The newest taxpayer-funded hospital in North Carolina is one that most state residents will never visit for care.


The $155 million health complex in Central Prison replaces medical facilities built in the 1960s and 1970s. Prison officials will begin transferring inmates to the new hospital in mid-November, and demolition of the old hospital will begin a couple weeks later.

"We are limited in our old facility. We're having to take so many more folks out even to see a doctor in his office after hours," Jennie Lancaster, deputy secretary of the state Department of Correction, said Wednesday during a tour of the new hospital.

Last year, more than 4,700 inmates visited a hospital emergency room in Raleigh, and more than 1,700 were admitted to outside hospitals, officials said. Inmate medical costs topped $90 million.

Lancaster said the prison spent $11 million alone on correctional officers to go with inmates to the hospitals and guard them there.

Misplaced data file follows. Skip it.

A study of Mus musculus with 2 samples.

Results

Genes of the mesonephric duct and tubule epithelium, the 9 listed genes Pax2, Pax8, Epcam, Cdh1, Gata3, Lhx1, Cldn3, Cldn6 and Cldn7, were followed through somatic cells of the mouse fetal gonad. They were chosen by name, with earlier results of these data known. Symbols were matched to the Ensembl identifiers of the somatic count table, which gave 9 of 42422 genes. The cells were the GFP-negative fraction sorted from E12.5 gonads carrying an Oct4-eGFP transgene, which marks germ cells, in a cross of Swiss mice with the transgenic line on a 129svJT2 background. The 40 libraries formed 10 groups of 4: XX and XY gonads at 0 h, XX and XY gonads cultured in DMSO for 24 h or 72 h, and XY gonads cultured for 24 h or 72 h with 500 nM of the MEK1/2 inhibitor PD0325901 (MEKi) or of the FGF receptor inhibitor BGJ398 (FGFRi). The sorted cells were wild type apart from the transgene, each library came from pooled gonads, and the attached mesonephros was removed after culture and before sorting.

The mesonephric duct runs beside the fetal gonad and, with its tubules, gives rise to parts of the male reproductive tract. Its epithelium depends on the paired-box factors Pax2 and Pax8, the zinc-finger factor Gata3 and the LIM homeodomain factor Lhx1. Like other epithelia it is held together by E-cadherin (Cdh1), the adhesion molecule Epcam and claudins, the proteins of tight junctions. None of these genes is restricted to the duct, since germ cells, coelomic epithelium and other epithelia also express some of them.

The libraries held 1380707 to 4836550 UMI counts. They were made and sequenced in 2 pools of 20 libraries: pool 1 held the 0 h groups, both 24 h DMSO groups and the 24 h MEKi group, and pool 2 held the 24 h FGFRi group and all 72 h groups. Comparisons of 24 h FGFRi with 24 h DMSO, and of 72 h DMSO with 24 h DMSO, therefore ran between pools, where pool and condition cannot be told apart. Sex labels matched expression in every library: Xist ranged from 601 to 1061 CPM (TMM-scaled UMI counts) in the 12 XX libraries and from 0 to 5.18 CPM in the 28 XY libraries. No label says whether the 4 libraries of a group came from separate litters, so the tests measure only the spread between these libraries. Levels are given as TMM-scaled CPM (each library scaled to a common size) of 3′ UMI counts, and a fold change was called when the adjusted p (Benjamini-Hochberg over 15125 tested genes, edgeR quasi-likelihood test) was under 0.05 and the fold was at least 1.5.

Many of those inmates will now be cared for in the the new 315,000-square-foot health complex inside the prison. The complex adds more than 100 inpatient and mental health beds, from 230 in the old facilities to 336, and provides operating rooms, outpatient clinics, a dental clinic, a lab for tests and a pharmacy.

"The current census for mental health is bulging at the seems, and we greatly need more space," said Dr. Peter Kuhns, manager of the psychology program at Central Prison.

The new five-story mental health facility will provide everything from crisis to long-term treatment. All of the furniture in the wing is designed to be indestructible, with tables and chairs either bolted to the floor or weighted down with sand.

Prison officials began planning the new complex began in 1998, and it has been under construction for more than three years. Lancaster said the cost of using outside hospitals for inmate medical care is expected to drop by about 30 percent a year, which would mean the complex would pay for itself within 10 years.